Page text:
In his decision, Judge Norman determined that the officer “cannot be expected to coolly engage in a protracted analysis of all the information known to him in a rapidly changing circumstance, putting the officer in the position of having to make an immediate choice.” NY Times
This is the fascinating rationale– part of it– offered by Mickey J. Norman of Baltimore County Circuit Court– to justify rescinding a $38 million award to the family of Korryn Gaines who, while being served with a summons for a traffic offense, and in the company of her 5-year-old son, was shot to death by Officer Royce Ruby (who has since been promoted).
This is about the source of the judge’s rationale: a Supreme Court judgement. And here again we have an interesting interpretation of facts and law which clearly implies that the police have the right to shoot any person who approaches them, period. Think about it. That is all the woman did. She didn’t have a gun or a weapon of any sort. She called the police asking for help. She went to meet the police she called. They shot her dead. The courts say– with impunity. The article notes that many police forces now actually train their officers to act with impunity– in essence. The law will be interpreted to mean that anybody approaching any officer at any time under any circumstance can be shot because you can’t expect the officer to exercise any kind of judgement in a situation that could be interpreted to consist of a “rapidly changing circumstance”. The woman approached the car. She got closer. That was a “rapidly changing circumstance”.
It is curious that the court did not do any math. How many times a day does an officer face a “rapidly changing circumstances”? How many every week, month, year? The court says you could shoot anyone in range at any of those times, with impunity. What if the court had said, as they should have, you may never shoot unless you are reasonably certain that a real imminent threat to life and limb exists? If you are uncertain, you don’t shoot. That simple. If you don’t like that rule, don’t apply to be a police officer.
The court imposes no obligation upon a police officer to exercise good judgment. It is enough that the circumstances changed– “rapidly” — in the estimation of the police officer who was so weak and frightened and incompetent that his only choice was to draw a revolver and shoot. Frank Hamer would be proud.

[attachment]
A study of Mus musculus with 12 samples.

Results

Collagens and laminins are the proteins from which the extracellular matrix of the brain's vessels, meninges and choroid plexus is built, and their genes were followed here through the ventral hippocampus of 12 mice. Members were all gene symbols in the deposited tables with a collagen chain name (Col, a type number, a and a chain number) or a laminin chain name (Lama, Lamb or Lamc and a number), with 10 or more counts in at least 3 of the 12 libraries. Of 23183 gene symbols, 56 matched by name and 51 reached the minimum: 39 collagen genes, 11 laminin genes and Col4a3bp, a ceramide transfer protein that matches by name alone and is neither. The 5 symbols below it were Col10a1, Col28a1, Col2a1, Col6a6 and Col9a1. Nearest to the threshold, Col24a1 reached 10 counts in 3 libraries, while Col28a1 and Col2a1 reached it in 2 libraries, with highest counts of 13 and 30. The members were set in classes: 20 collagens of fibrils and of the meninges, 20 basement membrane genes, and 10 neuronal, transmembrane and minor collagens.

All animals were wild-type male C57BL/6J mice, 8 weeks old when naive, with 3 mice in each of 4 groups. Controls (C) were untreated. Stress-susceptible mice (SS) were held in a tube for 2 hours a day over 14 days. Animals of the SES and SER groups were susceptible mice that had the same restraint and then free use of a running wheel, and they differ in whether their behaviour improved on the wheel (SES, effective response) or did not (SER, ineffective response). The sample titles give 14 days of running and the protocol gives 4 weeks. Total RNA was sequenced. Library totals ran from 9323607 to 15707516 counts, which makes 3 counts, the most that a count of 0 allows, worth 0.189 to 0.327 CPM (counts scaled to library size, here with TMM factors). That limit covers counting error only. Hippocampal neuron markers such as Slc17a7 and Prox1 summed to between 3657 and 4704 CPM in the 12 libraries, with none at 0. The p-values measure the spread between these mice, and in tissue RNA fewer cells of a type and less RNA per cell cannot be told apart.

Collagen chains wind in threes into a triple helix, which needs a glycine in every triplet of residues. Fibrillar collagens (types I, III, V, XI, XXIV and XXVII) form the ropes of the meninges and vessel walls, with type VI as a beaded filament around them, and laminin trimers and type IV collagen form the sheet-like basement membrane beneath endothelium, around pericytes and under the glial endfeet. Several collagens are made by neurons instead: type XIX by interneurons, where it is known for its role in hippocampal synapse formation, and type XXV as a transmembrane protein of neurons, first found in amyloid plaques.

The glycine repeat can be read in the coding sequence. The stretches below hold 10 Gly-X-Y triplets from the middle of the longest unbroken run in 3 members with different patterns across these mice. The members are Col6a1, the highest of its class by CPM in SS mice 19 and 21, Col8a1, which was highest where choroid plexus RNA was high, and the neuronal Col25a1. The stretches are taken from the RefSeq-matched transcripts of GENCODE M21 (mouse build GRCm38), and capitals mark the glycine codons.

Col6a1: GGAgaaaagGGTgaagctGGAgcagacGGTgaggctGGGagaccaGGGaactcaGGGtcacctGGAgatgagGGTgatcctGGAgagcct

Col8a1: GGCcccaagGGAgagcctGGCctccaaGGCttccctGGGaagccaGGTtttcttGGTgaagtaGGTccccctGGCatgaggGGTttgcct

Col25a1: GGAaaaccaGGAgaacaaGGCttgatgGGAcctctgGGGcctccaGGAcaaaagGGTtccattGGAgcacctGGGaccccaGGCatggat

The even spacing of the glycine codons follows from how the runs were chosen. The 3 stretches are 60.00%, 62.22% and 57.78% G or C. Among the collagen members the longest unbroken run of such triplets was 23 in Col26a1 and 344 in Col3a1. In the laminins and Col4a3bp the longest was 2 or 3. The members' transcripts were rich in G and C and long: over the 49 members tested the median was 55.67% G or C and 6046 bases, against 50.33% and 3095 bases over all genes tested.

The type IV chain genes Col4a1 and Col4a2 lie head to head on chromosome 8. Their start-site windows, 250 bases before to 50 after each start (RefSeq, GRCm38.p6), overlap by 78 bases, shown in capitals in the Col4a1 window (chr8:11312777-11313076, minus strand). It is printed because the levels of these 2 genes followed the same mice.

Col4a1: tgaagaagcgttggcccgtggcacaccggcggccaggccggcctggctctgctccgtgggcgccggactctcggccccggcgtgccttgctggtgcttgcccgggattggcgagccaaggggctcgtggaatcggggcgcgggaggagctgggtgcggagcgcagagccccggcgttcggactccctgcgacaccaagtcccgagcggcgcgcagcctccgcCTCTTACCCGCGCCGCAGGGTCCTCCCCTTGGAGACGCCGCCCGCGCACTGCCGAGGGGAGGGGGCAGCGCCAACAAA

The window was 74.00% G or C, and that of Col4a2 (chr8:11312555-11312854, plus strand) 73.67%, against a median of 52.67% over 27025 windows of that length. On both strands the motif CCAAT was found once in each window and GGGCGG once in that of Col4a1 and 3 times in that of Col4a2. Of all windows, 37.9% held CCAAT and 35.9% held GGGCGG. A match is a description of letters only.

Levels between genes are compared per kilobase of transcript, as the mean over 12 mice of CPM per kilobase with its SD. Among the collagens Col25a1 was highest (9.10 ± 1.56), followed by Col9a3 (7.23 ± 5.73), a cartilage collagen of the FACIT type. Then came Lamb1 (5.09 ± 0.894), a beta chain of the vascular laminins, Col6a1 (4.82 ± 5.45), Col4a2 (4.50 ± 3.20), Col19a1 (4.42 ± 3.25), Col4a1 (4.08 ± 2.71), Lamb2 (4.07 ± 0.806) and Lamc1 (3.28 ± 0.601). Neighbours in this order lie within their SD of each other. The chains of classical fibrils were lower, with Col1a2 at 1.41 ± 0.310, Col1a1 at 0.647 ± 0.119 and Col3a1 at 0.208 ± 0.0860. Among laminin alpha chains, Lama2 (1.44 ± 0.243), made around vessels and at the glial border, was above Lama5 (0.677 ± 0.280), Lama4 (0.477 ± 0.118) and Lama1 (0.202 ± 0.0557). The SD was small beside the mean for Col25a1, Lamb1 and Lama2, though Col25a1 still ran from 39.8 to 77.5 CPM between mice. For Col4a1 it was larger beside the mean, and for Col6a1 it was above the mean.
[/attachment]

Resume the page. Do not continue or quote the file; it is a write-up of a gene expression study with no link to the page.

I suspect that the judge had decided to rescind the award before he even heard any details about the case. I suspect that, because, when you read the rationale, above, you realize that you could invent such a rationale to justify a police officer entering your home without a warrant and shooting you to death in your bed. Because you might have a handgun under your pillow and an officer “cannot be expected to coolly engage in a protracted analysis of all the information known to him in a rapidly changing circumstance”.
Amazingly, the judge did not conclude that the police should avoid “rapidly changing circumstances” or withdraw from them, to prevent a potentially fatal conflict. No, if a police officer encounters a “rapidly changing circumstance” he can go ahead and shoot somebody and then count on judges like Mickey J. Norman to exempt them from any responsibility.
Remember that Ms. Gaines lost her life over a traffic ticket. Without the overdue traffic fines, there would have been no police invasion, and no shooting. No “rapidly changing circumstances”.
There is a certain constituency out there who will argue that if she would have just obeyed the police, she would be alive today. It was her own fault. This argument assumes that our freedoms do not belong to us, but are granted only at the discretion of the police and the authorities. That is the definition of a police state, of a dictatorship. Furthermore, it assumes that no matter how trivial the offense for which the police are attempting to apprehend someone, the police in that situation are justified in using lethal force.
If I had been the judge in that case, for that reason alone– the relatively trivial nature of the offense– I would have wanted to make a very clear statement to the public and the police that the justice system will not tolerate rogue police officers killing people over traffic tickets.
The defense argues that it was not the traffic ticket. It was the fact that she resisted arrest. And I would say that it is a monstrous exchange here. If our society had to make a choice between collecting overdue traffic fines and the life of a young mother, rationality would prevail and we would find some other more proportionate way to encourage people to obey the rules of the road.